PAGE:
And it’s out tomorrow

A CG render of an AMD Radeon RX 7600 graphics card against a dark background.
Image credit: AMD

Well then. Mere minutes after Nvidia hit the launch button on the GeForce RTX 4060 Ti, AMD rocked up with a new 1080p graphics card of their own: the Radeon RX 7600. Though it’s likely more of an RTX 4060 rival, given the RX 7600 will go on sale tomorrow – May 25th – at £260 / $269, slightly less than the $299-tagged 4060.

Based on the same RDNA 3 architecture as the Radeon RX 7900 XT and RX 7900 XTX, the RX 7600 nonetheless targets a much more widely-used monitor resolution than those 4K-minded GPU hulks. Which makes a nice change, and means AMD will beat Nvidia’s RTX 40 series to the punch on a sub-£300 GPU, with the RTX 4060 not set for release until July.


Quite possibly, as RDNA 3 does make significant changes under the hood even when the key specs appear familiar. For example, both the RX 7600 and RX 6650 XT feature 32 Compute Units (CUs), but the RX 7600’s CUs have twice as many arithmetic logic units inside them. This should double the compute performance, which is handy even if that's not exactly the same thing as doubling eventual framerates. There have been some efficiency improvements as well, with the RX 7600’s TDP down to 165W – a modest reduction on the RX 6650 XT’s 180W.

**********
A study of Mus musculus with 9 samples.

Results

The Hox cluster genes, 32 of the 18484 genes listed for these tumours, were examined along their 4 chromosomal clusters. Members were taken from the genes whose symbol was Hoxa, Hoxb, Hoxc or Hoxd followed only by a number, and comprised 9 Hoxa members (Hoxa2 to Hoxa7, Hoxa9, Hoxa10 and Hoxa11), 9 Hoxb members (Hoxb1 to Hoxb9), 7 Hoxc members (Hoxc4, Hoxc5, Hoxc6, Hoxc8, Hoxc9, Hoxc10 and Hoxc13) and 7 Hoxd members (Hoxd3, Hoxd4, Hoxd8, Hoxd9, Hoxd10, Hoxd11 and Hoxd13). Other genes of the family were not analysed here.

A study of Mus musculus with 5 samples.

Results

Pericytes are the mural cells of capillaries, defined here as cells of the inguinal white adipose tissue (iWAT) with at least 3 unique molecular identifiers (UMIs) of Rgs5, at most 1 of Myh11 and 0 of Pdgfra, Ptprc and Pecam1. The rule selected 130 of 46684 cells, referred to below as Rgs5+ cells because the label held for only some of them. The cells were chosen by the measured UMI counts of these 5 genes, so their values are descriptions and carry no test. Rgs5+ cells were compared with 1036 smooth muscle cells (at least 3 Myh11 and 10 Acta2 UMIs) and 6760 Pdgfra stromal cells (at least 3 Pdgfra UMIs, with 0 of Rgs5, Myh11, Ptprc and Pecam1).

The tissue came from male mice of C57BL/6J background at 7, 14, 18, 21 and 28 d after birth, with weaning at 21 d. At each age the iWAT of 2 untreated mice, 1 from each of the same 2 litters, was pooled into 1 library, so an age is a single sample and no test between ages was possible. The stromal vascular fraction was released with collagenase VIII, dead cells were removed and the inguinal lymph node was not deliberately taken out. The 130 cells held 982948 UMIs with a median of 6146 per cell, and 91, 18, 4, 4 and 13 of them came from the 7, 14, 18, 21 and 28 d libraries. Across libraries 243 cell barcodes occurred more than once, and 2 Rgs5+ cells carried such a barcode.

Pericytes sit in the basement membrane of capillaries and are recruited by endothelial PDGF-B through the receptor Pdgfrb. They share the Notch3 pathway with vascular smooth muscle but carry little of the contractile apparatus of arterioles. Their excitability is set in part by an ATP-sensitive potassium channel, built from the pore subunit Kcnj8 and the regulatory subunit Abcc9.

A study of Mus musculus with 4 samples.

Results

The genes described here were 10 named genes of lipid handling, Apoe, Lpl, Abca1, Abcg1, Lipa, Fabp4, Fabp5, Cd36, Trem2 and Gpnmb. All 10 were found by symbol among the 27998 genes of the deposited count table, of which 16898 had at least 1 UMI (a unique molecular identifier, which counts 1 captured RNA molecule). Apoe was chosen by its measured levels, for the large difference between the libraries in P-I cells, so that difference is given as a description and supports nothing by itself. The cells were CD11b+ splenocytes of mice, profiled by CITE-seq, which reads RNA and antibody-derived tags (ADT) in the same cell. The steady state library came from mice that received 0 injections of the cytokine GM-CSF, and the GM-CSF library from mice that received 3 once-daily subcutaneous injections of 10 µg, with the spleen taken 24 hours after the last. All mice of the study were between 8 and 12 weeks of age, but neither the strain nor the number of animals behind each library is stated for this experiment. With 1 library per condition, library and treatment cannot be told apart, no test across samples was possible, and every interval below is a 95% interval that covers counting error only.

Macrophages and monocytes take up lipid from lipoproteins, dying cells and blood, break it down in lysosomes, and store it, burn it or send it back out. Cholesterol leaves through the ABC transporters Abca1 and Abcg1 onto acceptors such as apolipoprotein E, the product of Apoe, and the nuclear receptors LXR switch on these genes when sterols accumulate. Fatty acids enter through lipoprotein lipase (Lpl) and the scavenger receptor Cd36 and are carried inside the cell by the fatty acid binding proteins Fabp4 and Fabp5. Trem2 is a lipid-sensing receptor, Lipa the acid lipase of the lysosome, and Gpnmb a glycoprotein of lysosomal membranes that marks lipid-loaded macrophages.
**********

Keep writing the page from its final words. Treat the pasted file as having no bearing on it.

Conversely, the RX 7600 will still launch with 8GB of VRAM, same as the RX 6650 XT with no further changes to bandwidth or memory speed. Here are some more choice specs for the new GPU:

Radeon RX 7600 specs
Compute Units 32
Memory interface 128-bit
Infinity Cache 32MB
Game Frequency 2250MHz
Max boost clock 2655MHz
Stream processors 2048
Typical board power 165W
Minimum PSU recommendation 550W

Regardless of how the RX 7600 performs at launch, any would-be graphics card upgraders might want to wait and see how the RTX 4060 measures up. If the RTX 4060 Ti is any indication, Nvidia’s GPU probably won’t offer a huge performance upgrade on the RTX 3060 in most games, but Nvidia DLSS 3 – or more specifically, its FPS-injecting frame generation feature – has been very convincing so far. The RX 7600 will support AMD FSR upscaling, including FSR 3 (and its own version of interpolated frame generation) when it comes out. But it hasn’t, leaving all Radeon GPUs at a disadvantage in games that support DLSS 3.

Still, let’s not condemn the RX 7600 before it’s even out, eh? Especially when it clearly has ambitions to become a "good but cheap" kind of card. Lord knows we haven’t had many of those in 2023.